Exa & ESI: Positive signs in CAE

CFD has been hopping lately, with Exa announcing results from its first quarter as a public company, while ESI acquired OpenCFD from SGI and announced its own results for the most recent quarter. Here’s a quick overview of the recent activity:

Exa‘s July quarter was solid, with total revenue up 9% to just under $12 million. Excluding currency, total revenue was up 14%. License revenue for the quarter was $10.2 million, up 7%, while project revenue was $1.6 million, up 28% (up 39% in constant currencies). Exa typically first engages with a prospect via projects, as the customer works with Exa to explore the capabilities of its offerings and their applicability to the client’s problems, so the uptick in projects represents future revenue potential. CEO Steve Remondi said that there were dozens of projects currently underway and in the pipeline in both the company’s traditional automotive base and in new markets such as aerospace.

I always learn something on these calls. Exa IPOed earlier this summer, raising over $60 million. During today’s call, CFO Ed Furlong said that the company saw net cash of $34.6 million, after “underwriting discounts, commissions and other offering expenses of approximately $4 million”. We’ve seen it before, but it bears reinforcing: An IPO is not cheap and the company doesn’t always see the majority of the cash raised.

Exa said that it sees full fiscal 2013 revenue of between $52 million and $53.5 million, or growth of about 15% . For Q3, Exa guided to revenue of $13 million to $14 million.

ESI announced earlier this week that it had acquired OpenCFD Ltd. from SGI and yesterday announced results for its second quarter. ESI CEO Alain de Rouvray said “the integration of OpenCFD Ltd. is aligned with our acquisition strategy, as it anticipates and accompanies the expected evolution of the market towards the use of ‘Open Source’ software.”

Of course, the acquisition also gives ESI access to the OpenFOAM user base and the opportunity to cross-sell its other (non-open source) products to them. I wonder, though, how companies that subscribe to the open ethos look at commercial products — they likely need more than CFD, so what are they using? Are they good candidates for ESI’s offering? If you have an opinion, share it in the comments section.

ESI didn’t disclose how much it had paid for OpenCFD or how much it expects it to add to revenue, other than to say it was accretive (profitable). SGI hadn’t said much about OpenCFD since the acquisition a year ago, under former CEO Mark Barrenechea. It’s likely that OpenCFD simply didn’t fit the vision of current SGI CEO Jorge Luis Titinger, who has been revamping the company’s offerings to target specific markets and work with independent software vendors to “provide complete solutions for big data, storage, and scale up computing to our customers”, as he said during SGI’s most recent earnings call. OpenCFD wasn’t mentioned at all, but it doesn’t seem to be a natural fit under this strategy.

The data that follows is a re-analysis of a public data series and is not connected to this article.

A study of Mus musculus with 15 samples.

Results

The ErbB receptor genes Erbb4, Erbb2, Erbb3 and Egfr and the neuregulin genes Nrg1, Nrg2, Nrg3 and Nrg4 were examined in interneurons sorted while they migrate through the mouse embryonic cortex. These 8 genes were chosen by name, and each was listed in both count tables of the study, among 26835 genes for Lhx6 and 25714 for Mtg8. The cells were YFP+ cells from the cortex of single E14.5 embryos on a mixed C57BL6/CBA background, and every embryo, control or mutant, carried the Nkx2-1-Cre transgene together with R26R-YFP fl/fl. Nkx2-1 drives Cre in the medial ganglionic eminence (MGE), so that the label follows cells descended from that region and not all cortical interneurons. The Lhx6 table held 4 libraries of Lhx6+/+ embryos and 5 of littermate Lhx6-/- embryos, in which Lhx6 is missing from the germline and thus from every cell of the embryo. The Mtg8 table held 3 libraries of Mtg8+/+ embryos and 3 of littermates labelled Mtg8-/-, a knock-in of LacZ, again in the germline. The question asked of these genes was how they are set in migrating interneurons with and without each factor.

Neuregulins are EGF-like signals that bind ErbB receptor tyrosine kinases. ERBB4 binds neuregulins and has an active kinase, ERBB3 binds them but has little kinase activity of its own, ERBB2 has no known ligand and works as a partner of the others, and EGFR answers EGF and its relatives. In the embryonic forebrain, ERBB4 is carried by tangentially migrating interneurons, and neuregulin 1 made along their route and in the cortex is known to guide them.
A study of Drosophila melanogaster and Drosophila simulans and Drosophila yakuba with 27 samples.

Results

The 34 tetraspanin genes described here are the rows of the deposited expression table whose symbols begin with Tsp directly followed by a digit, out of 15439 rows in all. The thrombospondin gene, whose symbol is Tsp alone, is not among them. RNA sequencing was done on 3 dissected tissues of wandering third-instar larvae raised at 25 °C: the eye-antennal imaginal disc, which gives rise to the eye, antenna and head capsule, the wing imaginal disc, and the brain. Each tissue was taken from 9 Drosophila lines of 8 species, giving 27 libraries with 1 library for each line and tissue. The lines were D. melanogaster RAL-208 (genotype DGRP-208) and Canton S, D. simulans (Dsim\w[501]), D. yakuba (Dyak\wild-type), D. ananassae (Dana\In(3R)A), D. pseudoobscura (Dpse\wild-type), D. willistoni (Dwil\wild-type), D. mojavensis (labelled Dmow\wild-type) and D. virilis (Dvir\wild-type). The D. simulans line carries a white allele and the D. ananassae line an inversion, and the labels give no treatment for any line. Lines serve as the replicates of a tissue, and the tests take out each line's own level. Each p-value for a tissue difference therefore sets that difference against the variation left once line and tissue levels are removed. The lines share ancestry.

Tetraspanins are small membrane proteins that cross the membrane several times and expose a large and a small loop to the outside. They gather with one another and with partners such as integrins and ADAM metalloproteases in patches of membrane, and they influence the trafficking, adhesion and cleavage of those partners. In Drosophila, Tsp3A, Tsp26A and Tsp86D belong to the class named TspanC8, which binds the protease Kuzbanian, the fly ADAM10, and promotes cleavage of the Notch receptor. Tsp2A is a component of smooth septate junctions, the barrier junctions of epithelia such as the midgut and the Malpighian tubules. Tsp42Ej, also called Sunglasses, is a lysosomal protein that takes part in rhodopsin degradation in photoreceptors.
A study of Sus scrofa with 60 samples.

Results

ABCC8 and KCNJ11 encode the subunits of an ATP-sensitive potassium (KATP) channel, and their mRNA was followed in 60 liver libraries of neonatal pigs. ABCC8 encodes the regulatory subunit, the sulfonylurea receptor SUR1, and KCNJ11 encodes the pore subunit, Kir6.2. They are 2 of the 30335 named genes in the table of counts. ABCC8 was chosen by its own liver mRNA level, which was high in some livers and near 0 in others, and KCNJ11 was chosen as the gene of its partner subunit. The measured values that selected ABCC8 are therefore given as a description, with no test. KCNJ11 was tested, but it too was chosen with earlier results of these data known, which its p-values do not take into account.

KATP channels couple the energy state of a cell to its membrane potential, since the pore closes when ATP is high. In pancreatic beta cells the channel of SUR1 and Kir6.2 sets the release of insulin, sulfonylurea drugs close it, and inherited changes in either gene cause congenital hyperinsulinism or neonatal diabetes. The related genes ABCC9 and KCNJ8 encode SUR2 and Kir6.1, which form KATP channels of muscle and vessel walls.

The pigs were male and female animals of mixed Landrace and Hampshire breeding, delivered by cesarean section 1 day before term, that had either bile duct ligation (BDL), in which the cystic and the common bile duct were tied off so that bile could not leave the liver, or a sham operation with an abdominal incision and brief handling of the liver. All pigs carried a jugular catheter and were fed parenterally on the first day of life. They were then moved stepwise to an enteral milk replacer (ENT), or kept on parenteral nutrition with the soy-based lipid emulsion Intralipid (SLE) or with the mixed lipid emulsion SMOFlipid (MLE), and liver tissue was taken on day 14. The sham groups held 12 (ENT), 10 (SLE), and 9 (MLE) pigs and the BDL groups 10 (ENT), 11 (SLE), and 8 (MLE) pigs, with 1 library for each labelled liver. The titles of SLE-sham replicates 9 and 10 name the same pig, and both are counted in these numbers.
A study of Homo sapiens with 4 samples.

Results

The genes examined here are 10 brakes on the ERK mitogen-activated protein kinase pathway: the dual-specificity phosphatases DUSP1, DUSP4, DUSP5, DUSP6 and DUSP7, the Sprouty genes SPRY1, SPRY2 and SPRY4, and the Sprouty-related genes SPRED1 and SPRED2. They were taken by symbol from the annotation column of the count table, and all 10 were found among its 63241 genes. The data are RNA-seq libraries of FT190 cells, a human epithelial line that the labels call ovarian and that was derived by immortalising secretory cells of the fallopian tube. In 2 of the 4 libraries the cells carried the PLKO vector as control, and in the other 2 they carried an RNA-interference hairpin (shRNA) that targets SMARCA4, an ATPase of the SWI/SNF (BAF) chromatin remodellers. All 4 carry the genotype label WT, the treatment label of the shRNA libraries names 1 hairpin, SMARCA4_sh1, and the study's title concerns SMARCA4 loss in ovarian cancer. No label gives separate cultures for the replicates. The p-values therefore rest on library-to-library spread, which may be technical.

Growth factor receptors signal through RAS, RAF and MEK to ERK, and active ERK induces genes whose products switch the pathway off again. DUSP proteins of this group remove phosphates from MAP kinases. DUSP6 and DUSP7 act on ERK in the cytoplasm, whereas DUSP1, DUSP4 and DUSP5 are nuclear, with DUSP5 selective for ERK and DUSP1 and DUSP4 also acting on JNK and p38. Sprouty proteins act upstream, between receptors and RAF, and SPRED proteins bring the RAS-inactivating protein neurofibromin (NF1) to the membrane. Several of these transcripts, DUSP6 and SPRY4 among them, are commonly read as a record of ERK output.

For its own second quarter, ESI said it saw continued demand from its installed base for both licenses and services, especially for engineering studies from industries “subject to heightened competitive and regulatory pressure”. For Q2 (ended July 31), total revenue was €23.5 million, up 22%. License revenue was up 19% to €15.8 million while services revenue was up 30% to €7.8 million. IC.IDO and Efield contributed around €1.1 million to the quarter.

ESI will release more information about its first half performance on September 27.



  1. Charlie says:

    “I wonder, though, how companies that subscribe to the open ethos look at commercial products — they likely need more than CFD, so what are they using?”

    We switched to almost exclusively Open Source for our technical computing needs about 5 years ago, primarily because of the high cost of maintaining a Windows-based system (too much time spent on system maintenance eating in to the time needed for actual serious analysis work). We settled on CAELinux (http://www.caelinux.com/CMS/)as our engineering platform- not only is it fully Open Source, it comes with most applications we use pre-installed and integrated into the suite.
    The primary shortcoming of the Open Source world is a lack of a good integrated CAD package, but, for most of our work, Salome (a part of the CAELinux distro) serves the purpose. When a project requires sophisticated CAD, we generally farm the work out to a supplier that has the appropriate license (typically in this part of the world, AutoCAD)- cheaper than paying for our own seats, considering that such projects are a very small percentage of our revenue stream. We generally have no problem extracting information from customer-supplied documents to meet our needs (except Pro/E- we don’t accept Pro/E generated documents).
    For reports and such, we use LibreOffice- we can easily read MS Office documents, but generally have to export to MS Office formats for our customers (MS does not seem to support importing different formats). For publication, we will occasionally use LaTeX.

    Some critical packages missing from the CAELinux distro- BrlCAD, NIST Dataplot, Knime (all of which are Open Source and easy to add to the distro).

  2. Charlie says:

    Forgot to mention- we recently added 3D printing to our suite- primarily for printing models for laboratory testing. All done in Open Source.

    • Monica Schnitger says:

      Excellent comments, Charlie — thank you. Can you just tell us, please: what does your firm do? How large an IT staff supports your open implementation?